Acid water threat to ocean life

Great barrier reef

Thousands of ocean species could be wiped because of rising acid levels in sea water, scientists have warned.

A major research project, by 500 of the world's leading acidification experts, suggests our oceans are souring at a faster rate than any time in the last 300 million years.

They blame the amount of carbon monoxide produced by humans and say that 30 per cent of ocean life, including coral and sea-snails, may not survive beyond the year 2100.

The scientists will present their findings at global climate talks in Poland next week.

French researcher Professor Jean-Pierre Gattuso, said: "My colleagues have not found in the geological record, rates of change that are faster than the ones we see today."

"In the Southern Ocean, we already see corrosion of pteropods which are like sea snails, in the ocean we see corrosion of the shell.

"[The snails] are eaten by fish, birds and whales, so if one element is going then there is a cascading impact on the whole food chain."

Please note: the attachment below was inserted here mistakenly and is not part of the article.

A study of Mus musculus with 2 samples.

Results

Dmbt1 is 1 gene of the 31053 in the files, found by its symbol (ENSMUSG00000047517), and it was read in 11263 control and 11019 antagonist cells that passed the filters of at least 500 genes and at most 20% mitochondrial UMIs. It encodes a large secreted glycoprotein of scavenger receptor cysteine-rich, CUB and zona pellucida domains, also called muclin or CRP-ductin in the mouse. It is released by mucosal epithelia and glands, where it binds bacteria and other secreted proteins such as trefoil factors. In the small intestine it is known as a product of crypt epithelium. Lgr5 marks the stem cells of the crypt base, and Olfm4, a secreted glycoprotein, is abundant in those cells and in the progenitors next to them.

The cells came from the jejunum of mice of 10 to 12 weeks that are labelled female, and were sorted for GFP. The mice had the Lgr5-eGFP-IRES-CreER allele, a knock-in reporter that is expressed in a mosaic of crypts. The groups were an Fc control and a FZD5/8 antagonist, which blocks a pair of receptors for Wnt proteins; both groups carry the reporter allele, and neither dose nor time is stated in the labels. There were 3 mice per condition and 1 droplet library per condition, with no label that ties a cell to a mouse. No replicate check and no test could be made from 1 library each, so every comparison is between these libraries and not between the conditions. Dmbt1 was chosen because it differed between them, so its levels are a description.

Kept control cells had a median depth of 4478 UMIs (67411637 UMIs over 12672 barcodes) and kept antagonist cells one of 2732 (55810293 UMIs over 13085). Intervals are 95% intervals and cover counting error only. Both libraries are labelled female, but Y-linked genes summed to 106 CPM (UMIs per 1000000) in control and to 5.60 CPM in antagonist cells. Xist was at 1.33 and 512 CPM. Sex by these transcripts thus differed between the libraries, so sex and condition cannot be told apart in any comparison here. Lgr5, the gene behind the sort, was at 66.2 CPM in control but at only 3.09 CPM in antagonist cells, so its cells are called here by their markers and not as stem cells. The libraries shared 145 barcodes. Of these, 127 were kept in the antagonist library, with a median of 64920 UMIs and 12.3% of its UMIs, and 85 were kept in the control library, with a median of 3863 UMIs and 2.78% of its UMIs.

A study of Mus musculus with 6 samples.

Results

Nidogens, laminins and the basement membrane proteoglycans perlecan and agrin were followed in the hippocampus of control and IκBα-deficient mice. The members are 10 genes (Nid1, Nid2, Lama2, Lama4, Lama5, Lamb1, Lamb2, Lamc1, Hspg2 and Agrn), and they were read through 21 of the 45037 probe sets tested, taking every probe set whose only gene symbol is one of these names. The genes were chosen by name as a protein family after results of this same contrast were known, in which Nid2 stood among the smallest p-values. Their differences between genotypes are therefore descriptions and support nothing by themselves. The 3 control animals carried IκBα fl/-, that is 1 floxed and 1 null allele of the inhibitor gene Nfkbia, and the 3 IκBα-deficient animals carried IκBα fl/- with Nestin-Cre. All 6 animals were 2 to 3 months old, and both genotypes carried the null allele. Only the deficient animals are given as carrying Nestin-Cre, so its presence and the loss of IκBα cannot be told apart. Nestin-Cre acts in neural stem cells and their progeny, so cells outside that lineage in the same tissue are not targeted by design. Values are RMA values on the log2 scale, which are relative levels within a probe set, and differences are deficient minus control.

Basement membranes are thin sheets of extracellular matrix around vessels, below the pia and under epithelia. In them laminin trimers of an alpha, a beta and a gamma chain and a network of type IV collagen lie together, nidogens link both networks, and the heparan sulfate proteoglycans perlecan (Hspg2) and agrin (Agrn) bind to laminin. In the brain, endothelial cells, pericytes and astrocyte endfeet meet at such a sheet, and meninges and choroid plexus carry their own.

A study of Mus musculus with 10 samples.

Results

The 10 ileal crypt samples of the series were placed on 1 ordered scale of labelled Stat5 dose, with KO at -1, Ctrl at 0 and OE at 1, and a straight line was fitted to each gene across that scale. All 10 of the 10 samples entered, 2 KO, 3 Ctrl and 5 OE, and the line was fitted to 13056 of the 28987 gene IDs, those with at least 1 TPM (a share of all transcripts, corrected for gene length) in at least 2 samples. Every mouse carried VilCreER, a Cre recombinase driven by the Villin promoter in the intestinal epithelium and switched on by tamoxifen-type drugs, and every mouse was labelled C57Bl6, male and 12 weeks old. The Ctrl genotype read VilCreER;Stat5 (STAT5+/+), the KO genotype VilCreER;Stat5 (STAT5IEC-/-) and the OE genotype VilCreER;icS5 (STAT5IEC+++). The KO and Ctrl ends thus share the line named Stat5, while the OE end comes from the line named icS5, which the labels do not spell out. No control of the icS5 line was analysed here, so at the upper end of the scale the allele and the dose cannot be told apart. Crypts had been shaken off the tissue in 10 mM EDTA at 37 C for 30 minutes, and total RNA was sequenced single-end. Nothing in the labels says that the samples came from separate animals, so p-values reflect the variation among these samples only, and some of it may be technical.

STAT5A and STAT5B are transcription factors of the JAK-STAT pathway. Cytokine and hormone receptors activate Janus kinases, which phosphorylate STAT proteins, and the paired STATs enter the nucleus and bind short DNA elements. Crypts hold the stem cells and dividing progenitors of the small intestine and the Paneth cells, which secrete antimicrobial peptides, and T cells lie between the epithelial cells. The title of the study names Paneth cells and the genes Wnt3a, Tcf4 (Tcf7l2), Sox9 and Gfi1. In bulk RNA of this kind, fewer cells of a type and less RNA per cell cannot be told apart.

The cold waters of the Arctic and the Antarctic hold more CO2 than the rest of the world.

Researchers say that by 2020, ten percent of the Arctic will be too acidic for sea creatures.

More on This Story

  • Newsround logoWatch Newsround

    Watch the latest update from Newsround, CBBC's news programme for children.

Copyright © 2015 BBC. The BBC is not responsible for the content of external sites. Read more.

This page is best viewed in an up-to-date web browser with style sheets (CSS) enabled. While you will be able to view the content of this page in your current browser, you will not be able to get the full visual experience. Please consider upgrading your browser software or enabling style sheets (CSS) if you are able to do so.